Pankratov, Closing in on Perfection, Adds Two More Butterfly Records

Karin Helmstaedt

PARIS - Denis Pankratov came to Paris with a world record in mind.
Over which distance, it didn't matter. And what had been until then a rather dull World Cup series - Jani Sievinen's world record 100 IM in Malmo (53.10) being the only real exploit - got a boost "à la Russe" in Paris with the long anticipated arrival of Pankratov and his compatriots.

With the exception of sprint "Tsar" Alexander Popov, who went on to compete in Imperia and Gelsenkirchen, the Russian team put in their first and only short course appearance of the season at the Paris World Cup. After a three-week training camp in Brest, they waltzed in, shaved down, and cleaned house. All told they won eleven gold medals, ahead of Australia's ten.

With the long course world records (100 and 200) already to his credit, Pankratov, the "extraterrestrial" butterflyer, proceeded to prove that he is, for the time being, untouchable in the stroke.

The crowd watched, amazed, each time he flew off the blocks and disappeared underwater, emerging 24 metres later, just in time to take one arm stroke before the turn. Given the length of his underwater kick-off at each subsequent turn (roughly 5 metres or more), it was clear that his technique and his conditioning are even closer to perfection. Believe it when he says he can do 75 metres underwater without stopping!

Two more fly records for Pankratov.
For larger 64k photo click on image. Photo © Massimo Lovati

In the 200, Pankratov's split of 53.26 left no doubt in anyone's mind that French hero Frank Esposito's world record of 1:53.05, set two years ago at the same meet, had only precious seconds to live. Esposito, swimming in lane 4, saw only the vague splashing of Pankratov's kick for most of the race. With his controlled and extremely streamlined stroke, Pankratov pulverized the old record and touched in 1:52.34. A visibly humbled Esposito finished second in 1:57.40. Half an hour later Pankratov won the 50 fly in 23.48, only 3/100 of a second off Mark Foster's world record.

The next day it was Canadian Marcel Gery's turn to bow out of the records. Pankratov got up, cool as usual, and wowed the crowd with another world record swim of 51.94. Just like that.

Incredible? Not really, according to Pankratov himself. With hardly a show of emotion, the undisputed star of the meet said, "I've only done short course what I did long course last summer." True enough. He admitted to having worked even harder on the underwater portion of his races, saying, "I'm most comfortable swimming that way." And then, "And I know that I can swim even faster."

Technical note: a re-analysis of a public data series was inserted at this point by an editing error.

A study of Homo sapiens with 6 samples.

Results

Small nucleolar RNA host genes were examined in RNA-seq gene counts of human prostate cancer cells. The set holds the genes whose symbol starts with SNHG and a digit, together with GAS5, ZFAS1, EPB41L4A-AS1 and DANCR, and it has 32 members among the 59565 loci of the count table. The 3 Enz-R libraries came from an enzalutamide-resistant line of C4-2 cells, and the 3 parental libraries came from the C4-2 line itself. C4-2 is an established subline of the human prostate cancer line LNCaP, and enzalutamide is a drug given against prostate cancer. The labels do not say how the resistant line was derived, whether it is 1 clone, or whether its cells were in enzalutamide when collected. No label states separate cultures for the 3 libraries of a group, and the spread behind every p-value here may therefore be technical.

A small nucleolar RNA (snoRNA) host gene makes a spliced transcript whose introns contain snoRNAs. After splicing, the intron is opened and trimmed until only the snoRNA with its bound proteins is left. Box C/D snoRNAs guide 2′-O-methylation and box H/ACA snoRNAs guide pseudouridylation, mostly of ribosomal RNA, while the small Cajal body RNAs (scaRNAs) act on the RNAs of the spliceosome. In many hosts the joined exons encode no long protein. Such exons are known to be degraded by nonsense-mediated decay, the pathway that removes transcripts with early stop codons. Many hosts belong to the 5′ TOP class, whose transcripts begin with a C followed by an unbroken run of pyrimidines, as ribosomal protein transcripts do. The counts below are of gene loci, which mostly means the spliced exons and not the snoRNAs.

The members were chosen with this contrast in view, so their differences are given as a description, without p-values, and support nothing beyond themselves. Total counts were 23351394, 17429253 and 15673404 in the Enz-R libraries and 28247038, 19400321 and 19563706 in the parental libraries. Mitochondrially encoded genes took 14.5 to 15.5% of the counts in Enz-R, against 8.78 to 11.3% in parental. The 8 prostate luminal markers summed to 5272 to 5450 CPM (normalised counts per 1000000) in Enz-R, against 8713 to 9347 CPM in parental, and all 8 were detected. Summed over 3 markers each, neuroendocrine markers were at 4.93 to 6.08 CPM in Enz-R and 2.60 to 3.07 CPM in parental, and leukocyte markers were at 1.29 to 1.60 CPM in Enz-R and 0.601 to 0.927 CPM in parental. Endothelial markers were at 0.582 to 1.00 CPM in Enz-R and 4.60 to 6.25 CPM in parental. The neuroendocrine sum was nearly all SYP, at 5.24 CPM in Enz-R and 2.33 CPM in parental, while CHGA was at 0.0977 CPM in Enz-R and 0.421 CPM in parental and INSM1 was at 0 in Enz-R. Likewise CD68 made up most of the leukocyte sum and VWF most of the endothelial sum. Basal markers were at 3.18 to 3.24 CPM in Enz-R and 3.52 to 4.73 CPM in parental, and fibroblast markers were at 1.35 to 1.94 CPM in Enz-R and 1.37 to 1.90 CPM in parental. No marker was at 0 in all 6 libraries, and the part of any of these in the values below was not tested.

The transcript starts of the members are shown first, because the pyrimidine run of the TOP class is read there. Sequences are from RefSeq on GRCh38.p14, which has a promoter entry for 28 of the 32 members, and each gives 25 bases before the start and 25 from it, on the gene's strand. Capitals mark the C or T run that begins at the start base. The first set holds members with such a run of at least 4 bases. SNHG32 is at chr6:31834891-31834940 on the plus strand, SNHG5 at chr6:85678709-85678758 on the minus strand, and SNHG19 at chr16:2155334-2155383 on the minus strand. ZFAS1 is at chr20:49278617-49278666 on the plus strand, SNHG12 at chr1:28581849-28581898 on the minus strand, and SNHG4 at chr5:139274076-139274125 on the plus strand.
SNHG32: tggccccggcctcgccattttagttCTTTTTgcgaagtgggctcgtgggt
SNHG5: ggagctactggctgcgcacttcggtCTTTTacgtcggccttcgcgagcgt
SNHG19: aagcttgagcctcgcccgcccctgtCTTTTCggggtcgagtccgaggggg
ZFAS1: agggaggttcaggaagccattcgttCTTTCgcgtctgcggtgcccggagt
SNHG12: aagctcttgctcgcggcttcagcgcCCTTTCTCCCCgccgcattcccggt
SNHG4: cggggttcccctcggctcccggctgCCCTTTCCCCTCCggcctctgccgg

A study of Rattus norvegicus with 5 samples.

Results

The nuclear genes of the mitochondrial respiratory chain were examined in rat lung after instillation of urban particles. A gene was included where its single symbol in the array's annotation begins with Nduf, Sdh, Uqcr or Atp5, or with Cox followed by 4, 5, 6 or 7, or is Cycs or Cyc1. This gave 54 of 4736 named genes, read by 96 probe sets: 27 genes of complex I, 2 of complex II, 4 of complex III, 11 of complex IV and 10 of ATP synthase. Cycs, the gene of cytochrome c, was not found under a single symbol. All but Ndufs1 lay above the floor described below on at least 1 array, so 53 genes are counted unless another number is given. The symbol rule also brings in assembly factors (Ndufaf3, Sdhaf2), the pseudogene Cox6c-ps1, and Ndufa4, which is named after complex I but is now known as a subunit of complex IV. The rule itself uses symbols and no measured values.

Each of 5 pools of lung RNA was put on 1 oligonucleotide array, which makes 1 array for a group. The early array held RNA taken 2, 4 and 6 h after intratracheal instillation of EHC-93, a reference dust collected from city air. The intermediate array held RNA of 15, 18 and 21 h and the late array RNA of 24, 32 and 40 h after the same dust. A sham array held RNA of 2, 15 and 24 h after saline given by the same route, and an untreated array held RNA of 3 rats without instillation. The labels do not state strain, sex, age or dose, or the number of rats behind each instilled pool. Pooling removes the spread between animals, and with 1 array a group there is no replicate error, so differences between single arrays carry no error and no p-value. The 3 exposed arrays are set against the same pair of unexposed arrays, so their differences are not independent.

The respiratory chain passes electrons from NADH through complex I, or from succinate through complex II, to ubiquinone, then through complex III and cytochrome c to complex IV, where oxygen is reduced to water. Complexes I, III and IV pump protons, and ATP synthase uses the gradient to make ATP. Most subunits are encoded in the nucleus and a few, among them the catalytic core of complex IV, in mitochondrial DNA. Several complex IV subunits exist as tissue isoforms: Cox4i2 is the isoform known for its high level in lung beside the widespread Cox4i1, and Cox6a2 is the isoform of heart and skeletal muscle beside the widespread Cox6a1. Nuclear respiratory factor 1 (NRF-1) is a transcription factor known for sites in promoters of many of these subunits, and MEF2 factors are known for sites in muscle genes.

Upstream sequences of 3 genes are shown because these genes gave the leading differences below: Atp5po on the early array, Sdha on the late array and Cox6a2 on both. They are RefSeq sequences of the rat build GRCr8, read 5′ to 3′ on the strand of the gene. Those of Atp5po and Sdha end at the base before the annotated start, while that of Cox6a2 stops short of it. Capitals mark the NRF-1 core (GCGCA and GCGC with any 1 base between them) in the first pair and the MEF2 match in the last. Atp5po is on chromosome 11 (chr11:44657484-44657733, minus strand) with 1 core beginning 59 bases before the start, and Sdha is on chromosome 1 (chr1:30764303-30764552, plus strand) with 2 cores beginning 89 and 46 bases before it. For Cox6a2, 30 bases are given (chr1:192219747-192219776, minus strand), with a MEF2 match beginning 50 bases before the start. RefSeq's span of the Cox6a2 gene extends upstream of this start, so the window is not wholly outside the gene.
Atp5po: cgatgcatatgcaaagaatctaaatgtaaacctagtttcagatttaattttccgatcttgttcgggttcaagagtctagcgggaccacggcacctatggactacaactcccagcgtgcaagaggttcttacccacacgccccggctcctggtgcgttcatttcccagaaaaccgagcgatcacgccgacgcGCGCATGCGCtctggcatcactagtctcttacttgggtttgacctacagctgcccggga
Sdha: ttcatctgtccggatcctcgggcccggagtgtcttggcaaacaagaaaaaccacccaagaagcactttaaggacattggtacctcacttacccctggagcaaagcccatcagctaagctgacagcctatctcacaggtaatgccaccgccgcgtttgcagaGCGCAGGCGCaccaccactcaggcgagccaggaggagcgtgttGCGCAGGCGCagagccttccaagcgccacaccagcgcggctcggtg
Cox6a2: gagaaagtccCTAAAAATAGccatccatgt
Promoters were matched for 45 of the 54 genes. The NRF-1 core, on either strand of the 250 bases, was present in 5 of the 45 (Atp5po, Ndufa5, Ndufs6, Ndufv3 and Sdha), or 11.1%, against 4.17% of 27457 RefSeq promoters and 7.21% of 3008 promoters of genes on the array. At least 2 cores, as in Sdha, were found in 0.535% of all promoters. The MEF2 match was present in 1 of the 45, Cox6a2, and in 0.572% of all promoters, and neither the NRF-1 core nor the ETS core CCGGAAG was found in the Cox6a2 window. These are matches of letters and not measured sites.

Another triple winner was backstroker Vladimir Selkov (50, 100, 200), who along with teammate Sergei Ostaptchuk, was the only swimmer in the backstroke events to take full advantage of the 15 metres authorized underwater.

Popov, also very much at home in France, did what was expected of him, and with the usual class. A new meet record in the 100 freestyle (47.83), and a victory in the 50 (22.01). "I really need to compete right now," he said. Popov will join the team again for the Russian Olympic Trials, to be held in April in Moscow.

Russian women Nina Zhyvanevskaya and Natalia Mescheryakova (who married sprinter Vladimir Pychnenko last September) each had wins in the sprint backstrokes (50, 100) and freestyle (50) respectively.

Elli Overton of Australia continued her streak from Espoo and Malmo, winning all three individual medley events (100, 200, 400) once again. Other Aussie winners were Philip Rogers (100, 200 breast), Angela Kennedy (50, 100 fly), Helen Denham (50, 100 breast) and Dwade Sheehan (100 IM).

Danyon Loader clocked the fastest time in the world so far this year in the 200 free (1:45.51) and also won the 400 free in 3:42.41.

The only Canadians present in Paris this year were Nancy Sweetnam and Lisa Flood. The two women are currently training together in Florida under the tutelage of Lois Daignault and Nick Baker. Having just come off a week of triple workouts, they were tired but eager to race. Coach Marian Sweetnam, who accompanied them, says they chose to attend the World Cup for that very reason. "I'm a great believer in short course swimming to stay sharp," she said. "We can get a lot of races in a very short time at these meets, what with the 50s in each stroke and the 100 IM."

Sweetnam picked up a silver medal in the 200 IM (2:15.98) and was fourth in both the 100 and 400 IMs. Flood medalled in the 50 breast (3rd in 32.29) and was 4th and 5th in the 100 and 200 breast respectively.